Robust growth of church in Africa, calls to mind St. John Paul II in Malawi in 1989: “Today I urge you look into yourselves. Look at the riches of your own traditions.”
Pope Francis was at Bangui in the Central African Republic in November 2015. / Giuseppe Cacace/AFP
How big is the Catholic Church in Africa?
Vatican data revealed in 2015 that there were a little more than 222 million Catholics in the continent – one in every five inhabitants – representing 17 percent of all the word’s Catholics.
That’s two percent more than in 2010.
Most of them live south of the Sahara – the north of the continent is predominantly Muslim.
Distribution is uneven: the countries with the greatest proportion of Catholics are Burundi, Equatorial Guinea, the Democratic Republic of the Congo, Angola, and the Seychelles.
The growth of the faith is also reflected in the number of priests, which, in stark contrast to the picture in Europe, has increased by 20 percent in five years.
As the number of priests in North America and Europe has shrunk by five percent over the last five years, Africa has started exporting them.
What’s behind this trend?
The growth of Catholicism in Africa is primarily due to the continent’s demographic vitality. According to projections by the NGO Population Reference Bureau, several countries in West Africa could see their population grow more than 2.5 times by 2050.
However, population growth alone does not explain the steady growth of African Catholicism, which is taking place at a greater rate.
Between 2010 and 2015, the Catholic population grew by 19 percent, against 9.6 percent for the population at large.
Another factor, according to Cédric Mayrargue, a political scientist at Les Afriques dans le Monde, an academic research institute, is that the continent still has lots of potential for conversion.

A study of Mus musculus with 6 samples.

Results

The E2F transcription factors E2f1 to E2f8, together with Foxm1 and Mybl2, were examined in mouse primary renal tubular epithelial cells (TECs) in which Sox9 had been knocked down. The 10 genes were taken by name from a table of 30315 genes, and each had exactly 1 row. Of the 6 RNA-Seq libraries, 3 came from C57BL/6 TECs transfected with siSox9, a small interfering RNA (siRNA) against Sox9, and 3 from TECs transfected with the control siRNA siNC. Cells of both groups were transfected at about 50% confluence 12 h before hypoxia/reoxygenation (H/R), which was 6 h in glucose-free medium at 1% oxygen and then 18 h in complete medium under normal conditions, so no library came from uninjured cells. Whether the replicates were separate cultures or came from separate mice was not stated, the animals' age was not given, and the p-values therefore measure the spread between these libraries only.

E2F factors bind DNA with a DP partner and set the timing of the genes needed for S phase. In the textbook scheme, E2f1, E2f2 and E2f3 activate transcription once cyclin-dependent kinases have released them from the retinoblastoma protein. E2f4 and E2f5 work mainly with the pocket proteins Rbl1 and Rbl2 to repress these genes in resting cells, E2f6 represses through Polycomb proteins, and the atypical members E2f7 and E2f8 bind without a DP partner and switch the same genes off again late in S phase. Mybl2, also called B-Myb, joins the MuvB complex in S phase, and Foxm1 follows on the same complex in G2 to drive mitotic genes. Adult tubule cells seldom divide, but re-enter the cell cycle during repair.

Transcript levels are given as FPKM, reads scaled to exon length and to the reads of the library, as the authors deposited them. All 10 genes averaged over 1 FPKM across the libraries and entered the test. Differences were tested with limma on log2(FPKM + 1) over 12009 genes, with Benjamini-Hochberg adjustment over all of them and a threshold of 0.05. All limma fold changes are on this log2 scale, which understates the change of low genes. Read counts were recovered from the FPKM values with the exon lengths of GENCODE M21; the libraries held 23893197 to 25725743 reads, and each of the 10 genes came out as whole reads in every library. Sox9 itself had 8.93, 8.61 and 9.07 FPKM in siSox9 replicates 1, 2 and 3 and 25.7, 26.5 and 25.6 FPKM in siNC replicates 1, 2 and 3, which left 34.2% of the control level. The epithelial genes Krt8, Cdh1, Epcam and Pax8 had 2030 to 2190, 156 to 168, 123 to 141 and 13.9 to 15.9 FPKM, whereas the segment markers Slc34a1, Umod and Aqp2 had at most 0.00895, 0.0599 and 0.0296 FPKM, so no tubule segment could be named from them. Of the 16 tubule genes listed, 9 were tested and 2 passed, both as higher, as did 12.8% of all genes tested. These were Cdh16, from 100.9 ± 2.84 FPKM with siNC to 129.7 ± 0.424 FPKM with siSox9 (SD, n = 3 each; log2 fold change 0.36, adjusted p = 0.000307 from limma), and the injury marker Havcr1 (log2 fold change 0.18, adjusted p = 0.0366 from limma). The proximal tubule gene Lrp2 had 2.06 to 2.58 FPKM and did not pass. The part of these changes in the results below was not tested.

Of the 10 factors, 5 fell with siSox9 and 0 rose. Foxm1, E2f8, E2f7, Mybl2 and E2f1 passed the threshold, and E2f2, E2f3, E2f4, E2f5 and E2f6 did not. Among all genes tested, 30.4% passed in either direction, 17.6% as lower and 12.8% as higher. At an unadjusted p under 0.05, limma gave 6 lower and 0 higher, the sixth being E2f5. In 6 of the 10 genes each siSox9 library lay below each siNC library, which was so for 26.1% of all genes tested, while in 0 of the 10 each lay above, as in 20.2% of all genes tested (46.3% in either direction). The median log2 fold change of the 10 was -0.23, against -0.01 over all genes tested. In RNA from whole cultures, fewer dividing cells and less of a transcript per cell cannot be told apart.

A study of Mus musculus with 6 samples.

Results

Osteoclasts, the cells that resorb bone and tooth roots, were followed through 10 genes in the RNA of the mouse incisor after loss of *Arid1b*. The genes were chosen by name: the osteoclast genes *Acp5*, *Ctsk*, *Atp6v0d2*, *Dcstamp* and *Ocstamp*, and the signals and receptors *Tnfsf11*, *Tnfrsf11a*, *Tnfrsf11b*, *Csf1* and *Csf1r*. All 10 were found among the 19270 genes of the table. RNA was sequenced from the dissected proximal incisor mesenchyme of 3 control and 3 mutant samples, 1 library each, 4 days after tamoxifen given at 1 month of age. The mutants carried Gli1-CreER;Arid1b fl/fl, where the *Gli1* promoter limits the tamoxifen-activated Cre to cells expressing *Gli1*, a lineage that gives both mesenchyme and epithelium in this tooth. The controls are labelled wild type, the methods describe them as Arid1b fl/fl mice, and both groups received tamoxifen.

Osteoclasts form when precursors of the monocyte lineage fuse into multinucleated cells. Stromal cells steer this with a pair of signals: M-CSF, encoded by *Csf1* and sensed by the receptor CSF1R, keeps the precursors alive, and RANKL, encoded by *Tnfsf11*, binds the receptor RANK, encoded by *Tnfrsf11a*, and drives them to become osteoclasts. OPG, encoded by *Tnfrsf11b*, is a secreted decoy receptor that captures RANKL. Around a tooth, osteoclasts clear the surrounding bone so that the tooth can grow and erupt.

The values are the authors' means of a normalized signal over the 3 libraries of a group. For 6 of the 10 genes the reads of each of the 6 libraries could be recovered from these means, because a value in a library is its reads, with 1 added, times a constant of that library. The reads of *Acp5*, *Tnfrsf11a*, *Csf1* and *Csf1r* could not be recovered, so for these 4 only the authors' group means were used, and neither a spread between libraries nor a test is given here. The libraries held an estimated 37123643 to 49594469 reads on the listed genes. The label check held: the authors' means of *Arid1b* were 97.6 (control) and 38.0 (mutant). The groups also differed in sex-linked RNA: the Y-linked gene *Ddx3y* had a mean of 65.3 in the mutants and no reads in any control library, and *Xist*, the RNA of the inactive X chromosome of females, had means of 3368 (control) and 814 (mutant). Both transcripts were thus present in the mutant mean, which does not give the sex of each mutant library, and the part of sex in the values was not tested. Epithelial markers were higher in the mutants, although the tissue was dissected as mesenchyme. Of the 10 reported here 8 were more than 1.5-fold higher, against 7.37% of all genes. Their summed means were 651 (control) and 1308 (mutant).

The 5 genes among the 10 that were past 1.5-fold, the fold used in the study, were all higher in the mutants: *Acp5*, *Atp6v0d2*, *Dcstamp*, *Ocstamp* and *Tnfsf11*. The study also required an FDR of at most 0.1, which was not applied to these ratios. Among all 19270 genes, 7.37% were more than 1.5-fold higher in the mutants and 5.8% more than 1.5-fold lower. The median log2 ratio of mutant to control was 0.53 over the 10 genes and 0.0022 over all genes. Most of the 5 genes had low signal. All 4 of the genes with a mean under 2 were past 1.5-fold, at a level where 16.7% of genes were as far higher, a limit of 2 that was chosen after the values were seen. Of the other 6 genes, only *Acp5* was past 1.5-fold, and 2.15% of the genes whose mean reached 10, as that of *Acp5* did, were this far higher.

“Whole areas still practice traditional religions and are considered mission territories. This is reflected in the percentage of baptisms received after the age of seven (33 percent) almost twice as high as the world average.”
For Philippe Hugon, a researcher at the French Institute for International and Strategic Affairs, there is also a social component to the phenomenon.
“In Africa, the priest not only has a religious role but also a status, close to that of a teacher, like in Europe in the nineteenth century. Being ordained opens the door to a certain renown that attracts many young people.”
Is this growth reflected in the Vatican?
Since his election in 2013, Pope Francis has appointed six African cardinals, making them more numerous than those from Asia and North America, but still fewer than those from South America and Europe.
“There is a real paradox between the numerical growth of the Catholic church in Africa and its weak representation in the institutions,” said Mayrargue.
“African Catholicism remains on the margins of global theological thinking,” he added.
Yet the Catholic Church in Africa has a lot to offer to the broader Church, according to Bernard Ugeux, a white Father in Congo.
“Africans tend to be very religious. They can bring the spirit of celebration, of family and community prayer, to westerners, who practice such things less.”
What about other churches in Africa?
Since the 1980s, the Catholic Church has faced competition in Africa from the Pentecostal and Evangelical movements, particularly from the Anglo-Saxon world and South America.
One often hears about an “exodus” of Catholics to these Protestant churches, which boasted 15 percent of the continent’s inhabitants as members in 2015.
Mayrargue warned against overstating this point, noting that the picture varied greatly from country to country.
“It’s not a one-way street,” he said. “People come back to the Catholic faith. The borders are soft and some people have feet in both camps.”
His view is echoed by Ugeux: “Pentecostalism contains some aspects of traditional local religions. We see some believers going to mass on Sunday, and then calling on a pastor as soon as they become concerned about sorcery or healing.”
Mayrargue draws a distinction between two types of believers who may be attracted by Pentecostal and Evangelical discourse. On the one hand, there are “vulnerable populations in search of answers to the problems of everyday life”, and on the other, there are the middle and urban classes who are seduced by “a theology that values social advancement and individual fulfillment”.
How to respond to this challenge?
“The Catholic charismatic Renewal could be one answer, and this is very often combined with Pentecostal and traditional religion in Africa,” explained Ugeux, He believes the future of the African Catholic Church depends on its ability to adapt to local cultures.
This idea was also evoked by John Paul II during a sermon he gave in Malawi in 1989, when he told the congregation, “”Today I urge you look into yourselves. Look at the riches of your own traditions.”